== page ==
Last month, as you were scrolling through your various news feeds, you probably saw something a bit like this:
(And if you’re anything like me, Vanity‘s “What the Hell Is ‘Taylor Swift NOW’?” really caught your attention.)
It’s not the first time exclusive content made headlines this year—especially where video marketing is concerned. But as a marketing leader, it made you wonder: Should my brand be delving into the realms of livestreaming and exclusivity? Or are these avenues only advantageous for the entertainment industry?
Taylor Swift’s deal with AT&T makes sense: AT&T delivers multimedia content across most of its digital platforms these days, so exclusive content with an in-demand pop star is a great way to incentivize people to use a particular access provider.
Though it may be logical in the light of day, exclusive partnerships like this always carry with them some degree of intrigue, leaving marketers to wonder what they mean for the state of content in their industry at large. Exclusive streaming rights to a major event like Swift’s pre-Super Bowl concert are worth a lot on their own, but this deal is much bigger than that—both literally, because it lasts for several years, and conceptually, because it speaks to some intangible value in the intersection between video, livestreaming, and exclusivity.
Video. Livestreaming. Exclusivity. All three are buzzwords for brands seeking marketing transformation, but do they matter equally for non-entertainment-minded enterprises looking to dabble in video?
Let’s look to another example to learn more.
Amazon has been quite open about its interest in live-streaming sporting events. The change in video content viewing patterns in recent years is no secret—between Apple TV, Netflix, Hulu, and Amazon Prime, many consumers feel they are able to access all the content they are interested in without a traditional television subscription at all. Amazon likely believes that providing access to live sporting events would further differentiate it from competition and insulate it from many viewers’ sole reason for clinging to traditional cable subscriptions.
Livestreaming currently occupies a weird gray area in internet video consumption: currently, there are rudimentary, amateur streams delivered via Snapchat or Facebook Live, and then there’s a limited set of live events broadcast to the world on set channels. But Netflix and Hulu built an empire on everything but live TV under the assumption that people would rather pay and watch at their convenience than be tethered to live television programming and commercials. So where does that leave the brand that is wondering what portion of its marketing budget should go toward video marketing? And what kind of video is best for them?
In the television commercial era, spokespeople were an effective way to capture audience attention and deliver a credible message. Samuel L. Jackson yelling about credit cards? Must be Capital One. Mila Kunis with a branding iron? She’s either talking about whiskey or Ashton Kutcher.
Today, the concept of an exclusive deal has shifted from traditional advertising partnerships just like Paul, the Verizon guy, has shifted his allegiance to Sprint. Simply showcasing Taylor Swift in an interrupt ad is no longer worth the money it once was. Now, it’s better to own exclusive rights to one of her concerts, or whatever else the still-mysterious AT&T deal entails.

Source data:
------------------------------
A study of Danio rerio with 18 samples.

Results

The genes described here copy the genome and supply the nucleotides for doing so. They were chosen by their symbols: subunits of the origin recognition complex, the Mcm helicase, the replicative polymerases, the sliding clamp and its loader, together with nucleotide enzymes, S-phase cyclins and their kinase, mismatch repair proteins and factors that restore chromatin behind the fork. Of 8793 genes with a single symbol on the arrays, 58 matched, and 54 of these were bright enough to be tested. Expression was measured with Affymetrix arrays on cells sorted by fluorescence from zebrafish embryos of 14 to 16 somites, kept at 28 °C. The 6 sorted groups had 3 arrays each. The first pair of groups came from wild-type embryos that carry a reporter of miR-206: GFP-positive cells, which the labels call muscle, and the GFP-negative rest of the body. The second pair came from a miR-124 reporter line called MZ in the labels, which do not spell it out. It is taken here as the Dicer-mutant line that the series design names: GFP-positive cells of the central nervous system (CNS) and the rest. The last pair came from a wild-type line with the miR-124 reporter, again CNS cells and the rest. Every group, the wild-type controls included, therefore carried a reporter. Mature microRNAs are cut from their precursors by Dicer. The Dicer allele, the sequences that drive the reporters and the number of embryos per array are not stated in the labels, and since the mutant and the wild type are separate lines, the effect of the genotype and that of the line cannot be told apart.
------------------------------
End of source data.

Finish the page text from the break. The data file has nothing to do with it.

For brands that hope to achieve marketing transformation, they must take a good hard look at the various niches within video marketing. Does exclusive content like AT&T’s or Amazon’s matter in their industry? Are there live events that could generate actionable traffic to your social channels? If you’re a lifestyle brand, live streaming a niche event like a snowboard competition might make a lot of sense. But if you sell GAP coverage for automobile loans, you may want to alter your risk profile. While major corporations continue to struggle to monopolize certain media personalities or distribution rights, social media and digital channels have democratized access to video marketing for the rest of us.
Live video has its place in the video tool chest, but it’s not the most important quality in a balanced digital storytelling strategy. Neither is exclusive content, unless you’re competing with others for the rights to it. And in the case of most brands across most industries, your best, most exclusive asset is your own subject matter expertise and your brand story. While the talk out of Amazon, AT&T, and Twitter might suggest that the next way to boost your brand’s exposure is with a splashy contract, avoiding the temptation to make a big move and focusing instead on the right (read: brand-voice relevant) move is a much better bet.
One could ask if Taylor Swift’s biggest fans are properly positioned to be AT&T customers, and if not, why it made this move. And Amazon may be overstepping its bounds in attempting to distribute live sporting events, which typically have loyal audiences that favor longstanding distribution channels. If your brand finds a natural fit for a live event or exclusive deal, it certainly has the potential to dazzle. But forcing exclusive or live-streaming content just to be different is hardly worth the expense in today’s competitive marketing landscape.